Everyone knows the best part about the IKEA experience is the meatballs. You might say that you visit the Swedish chain for its furniture or its various home accessories or to watch basketball since you don’t have cable TV. But, we all know you’re really there for the food and so does IKEA…apparently.
The company has decided to put an even greater emphasis on food and a little less on the furniture. It remains to be seen where they are headed with this, but it wouldn’t be a surprise if the company opened up a stand-alone restaurant at some point in the future. In fact, they’ve already tested it out.
In the past few years, the company has dabbled in the pop-up restaurant business with stops in Paris, London, and Oslo. How long before IKEA decides to open one permanently? Surely when they do, there will be hysteria on the level of the Saved By The Bell restaurant or Bill Murray’s Caddyshack restaurant. IKEA has more fans than Lady Gaga, The New York Yankees, and Netflix combined. But will they come for the food?
“We’ve always called the meatballs ‘the best sofa-seller,'” Gerd Diewald, the head of IKEA’s US food operations told Fast Company. “Because it’s hard to do business with hungry customers. When you feed them, they stay longer, they can talk about their [potential] purchases, and they make a decision without leaving the store.”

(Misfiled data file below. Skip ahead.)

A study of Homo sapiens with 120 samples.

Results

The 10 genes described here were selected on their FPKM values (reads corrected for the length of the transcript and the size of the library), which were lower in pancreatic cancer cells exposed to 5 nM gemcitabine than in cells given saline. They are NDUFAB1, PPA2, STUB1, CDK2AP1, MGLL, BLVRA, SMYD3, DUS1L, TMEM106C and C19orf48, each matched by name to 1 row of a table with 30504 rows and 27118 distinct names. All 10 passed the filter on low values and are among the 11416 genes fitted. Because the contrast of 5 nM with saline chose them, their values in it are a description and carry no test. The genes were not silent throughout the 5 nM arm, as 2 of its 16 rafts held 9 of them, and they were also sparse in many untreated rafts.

While studying their customers’ wants and needs, IKEA determined that 30% of its customers visit the stores for food alone. That’s a fairly large chunk of its customer base. “The mere fact that we don’t need so many square feet to do a café or a restaurant makes it interesting by itself,” Michael La Cour, IKEA’s Food Managing Director told Fast Company. “I firmly believe there is potential. I hope in a few years our customers will be saying, ‘Ikea is a great place to eat—and, by the way, they also sell some furniture.’”
IKEA is already serving 650 million diners per year. That’s an awful lot of customers for a chain that is more known for its BILLY Bookcases and KLIPPAN sofa than its Lingonberry Syrup and Elk-Shaped pasta. Maybe, in the future, we won’t even think of IKEA as a furniture store anymore. If they base it around the meatballs alone, count us in.